I’ve taken a bit of time off from blogging recently to focus on other things, but recently came across this article from the WSJ about the fall of VF Corp ($VFC) and it reminded me of other legacy brand aggregators, such as Newell Brands ($NWL), that have also struggled as of late. There is a common strategy across both companies – they chose to concentrate key decisions around marketing, product development, and sales at the corporate versus brand level. And the results clearly show that was a mistake. 

When I was at Jarden (now Newell Brands) in 2016/2017 the stock was at an all-time high. We had methodically built a collection of over 100+ globally recognized brands by empowering our local teams and keeping corporate interference to a minimum. Apart from a marketing and supply chain counsel, the parent company was very hands off in the day-to-day operations of the businesses we owned. 

Jarden/Newell Stock – Peak of 2016-2017

When Newell acquired Jarden in 2016 for $16b, it became clear that Newell’s operating model could not be more different. Newell preferred a more centralized protocol – delegating decisions around marketing/branding, e-commerce, sales, and R&D to a few groups of executives at the corporate level. In 2018, Starboard (a well-known hedge fund) launched a proxy battle with Newell demonstrating all the wrong steps they had taken after the acquisition of Jarden. In that review they identified numerous areas that hurt the company. For example, by centralizing all product development and restricting communication among divisions, the result was high kill rates of new products and a disconnect between what retailers/customers wanted and what Newell was developing. One of the brands we owned was K2 Sports. Under Jarden, K2 was an edgy ski brand, a leader in the category. The brand managers and even many of the executives were the epitome of ski bums. They had close relationships with a cottage industry of mom-and-pop retailers that sold winter equipment and relied heavily on this insight to design new products. Newell’s approach was the antithesis. They wanted a centralized team making product development and marketing decisions that ultimately ended up having consequences as K2’s sales fell.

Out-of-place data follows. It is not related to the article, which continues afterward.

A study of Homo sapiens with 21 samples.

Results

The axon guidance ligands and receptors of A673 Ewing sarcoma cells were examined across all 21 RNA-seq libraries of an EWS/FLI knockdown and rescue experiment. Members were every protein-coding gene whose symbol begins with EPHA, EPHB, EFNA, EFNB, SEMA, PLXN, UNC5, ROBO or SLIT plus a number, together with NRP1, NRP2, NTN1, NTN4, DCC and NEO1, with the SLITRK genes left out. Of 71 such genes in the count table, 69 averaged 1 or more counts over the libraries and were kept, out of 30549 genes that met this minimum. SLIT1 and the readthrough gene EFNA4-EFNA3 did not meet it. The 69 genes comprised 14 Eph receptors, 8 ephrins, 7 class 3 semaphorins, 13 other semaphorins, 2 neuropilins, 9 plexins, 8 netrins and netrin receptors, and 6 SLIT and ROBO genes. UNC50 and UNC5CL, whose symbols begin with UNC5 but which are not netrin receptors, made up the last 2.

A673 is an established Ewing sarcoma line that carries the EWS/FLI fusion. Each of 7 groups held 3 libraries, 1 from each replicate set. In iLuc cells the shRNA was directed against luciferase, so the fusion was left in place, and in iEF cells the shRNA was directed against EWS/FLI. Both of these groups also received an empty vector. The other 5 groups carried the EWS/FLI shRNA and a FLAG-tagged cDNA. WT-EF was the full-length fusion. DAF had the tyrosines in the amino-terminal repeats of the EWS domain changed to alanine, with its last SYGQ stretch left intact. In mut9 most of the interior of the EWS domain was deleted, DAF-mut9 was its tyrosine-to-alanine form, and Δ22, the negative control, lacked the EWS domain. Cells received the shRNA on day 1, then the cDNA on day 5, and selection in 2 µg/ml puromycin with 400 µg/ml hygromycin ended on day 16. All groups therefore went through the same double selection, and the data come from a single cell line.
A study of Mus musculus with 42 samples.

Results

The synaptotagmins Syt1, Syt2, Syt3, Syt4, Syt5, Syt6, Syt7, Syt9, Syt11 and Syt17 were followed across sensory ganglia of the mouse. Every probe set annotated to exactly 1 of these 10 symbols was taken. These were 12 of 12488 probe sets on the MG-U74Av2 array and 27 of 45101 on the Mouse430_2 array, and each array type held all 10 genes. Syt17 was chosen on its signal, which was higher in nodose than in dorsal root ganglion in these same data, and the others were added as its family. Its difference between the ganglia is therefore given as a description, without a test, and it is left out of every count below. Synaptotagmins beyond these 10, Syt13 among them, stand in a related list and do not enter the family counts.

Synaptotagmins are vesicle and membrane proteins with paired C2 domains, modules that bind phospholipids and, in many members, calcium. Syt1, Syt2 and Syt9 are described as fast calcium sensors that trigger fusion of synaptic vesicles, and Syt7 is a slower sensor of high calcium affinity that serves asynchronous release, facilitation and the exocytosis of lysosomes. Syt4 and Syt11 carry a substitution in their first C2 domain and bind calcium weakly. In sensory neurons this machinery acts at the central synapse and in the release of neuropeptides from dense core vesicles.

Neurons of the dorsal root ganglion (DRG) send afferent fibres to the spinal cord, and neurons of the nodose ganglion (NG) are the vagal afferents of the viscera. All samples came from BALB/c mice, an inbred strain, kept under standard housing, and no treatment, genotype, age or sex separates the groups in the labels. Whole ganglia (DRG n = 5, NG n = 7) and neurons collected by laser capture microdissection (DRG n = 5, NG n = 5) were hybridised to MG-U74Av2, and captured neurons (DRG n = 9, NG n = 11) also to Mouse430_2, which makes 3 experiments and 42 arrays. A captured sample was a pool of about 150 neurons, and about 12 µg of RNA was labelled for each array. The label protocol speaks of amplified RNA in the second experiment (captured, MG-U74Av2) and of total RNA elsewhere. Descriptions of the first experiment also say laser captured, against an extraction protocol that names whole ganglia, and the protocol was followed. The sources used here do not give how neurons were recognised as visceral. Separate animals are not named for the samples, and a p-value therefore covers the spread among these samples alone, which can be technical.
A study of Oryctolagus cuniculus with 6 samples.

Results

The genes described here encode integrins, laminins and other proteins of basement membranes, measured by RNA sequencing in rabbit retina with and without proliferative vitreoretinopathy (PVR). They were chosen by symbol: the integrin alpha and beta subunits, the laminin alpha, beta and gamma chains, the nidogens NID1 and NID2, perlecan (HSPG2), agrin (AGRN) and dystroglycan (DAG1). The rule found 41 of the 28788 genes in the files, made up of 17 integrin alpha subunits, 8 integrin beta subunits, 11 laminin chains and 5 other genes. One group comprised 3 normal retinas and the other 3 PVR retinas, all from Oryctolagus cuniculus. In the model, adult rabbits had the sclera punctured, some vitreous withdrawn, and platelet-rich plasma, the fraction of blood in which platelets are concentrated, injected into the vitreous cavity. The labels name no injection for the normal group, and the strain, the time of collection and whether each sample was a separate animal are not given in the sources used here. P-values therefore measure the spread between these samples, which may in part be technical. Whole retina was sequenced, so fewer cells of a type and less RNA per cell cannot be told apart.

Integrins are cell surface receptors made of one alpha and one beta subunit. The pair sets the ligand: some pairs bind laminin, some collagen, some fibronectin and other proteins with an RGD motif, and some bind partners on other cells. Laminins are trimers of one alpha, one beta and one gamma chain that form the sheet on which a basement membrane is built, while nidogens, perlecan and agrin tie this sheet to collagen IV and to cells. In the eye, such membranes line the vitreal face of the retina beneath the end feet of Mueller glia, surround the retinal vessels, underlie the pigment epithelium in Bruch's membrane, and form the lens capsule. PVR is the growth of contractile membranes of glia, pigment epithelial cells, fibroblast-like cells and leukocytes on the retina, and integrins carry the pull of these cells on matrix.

VF Corp, in a lot of ways, was quite like Jarden. Both companies were historically fairly hands off with their subsidiaries and kept corporate expenses low – instead focused on building supply chain efficiencies, finding great M&A opportunities to expand, and keeping investors satisfied through financial engineering tactics like multiple arbitrage. As in my example prior regarding K2, VF owns Vans, the iconic footwear brand. Vans grew through finding a niche subculture in skateboarding and music to become the largest brand in VF’s portfolio. 

However, in recent years, VF has taken the same page Newell took by chipping away brand independence and consolidating more power at the corporate level.  As a result, shares are down 75% since the end of 2021 and debt has climbed to nearly $7 billion. Prior to centralizing decisions, the company did extremely well. From 2000 through 2016, VF’s revenue more than doubled, while profits more than quadrupled. In 2021, they took Newell’s approach, and the results could not be more similar – a significant decline in net income and share price. 

Newell and VF stock

The WSJ article further calls out the same mistake Newell made around R&D. VF corp’s central product development team tried to impose new technologies and innovations on the brands that they didn’t always want. For example, the parent company tried to get Vans to make wool sneakers, even though Van’s executives said their customers didn’t want them. VF also declined to provide more resources for a popular program that allowed Vans customers to design their own shoes because other VF owned brands weren’t interested in this capability. Furthermore, also stopped sponsoring the Vans Warped Tour, which was a tremendous marketing driver for the company and kept the brand in the zeitgeist of their core customer base. 

The outcome here between Newell and VF is not a coincidence –  it’s a result of a strategy that ultimately is flawed and shortsighted. To be fair, there’s a lot of smart people looking at this stuff, but empirically the approach is very academic. It goes something like this: To grow you need to acquire more brands, in order to have better gross margins you need more pricing power which is difficult to achieve when you have new upstarts taking share and you lack brand relevance because you’ve lost your core base.  So, what do you do? You cut costs – you centralize decision making because management consultants have shown you spreadsheets of where they can find savings by consolidating. For a little while the street rewards you because your net income is higher, but your growth has stalled, and inevitably your brands fall out of favor with consumers.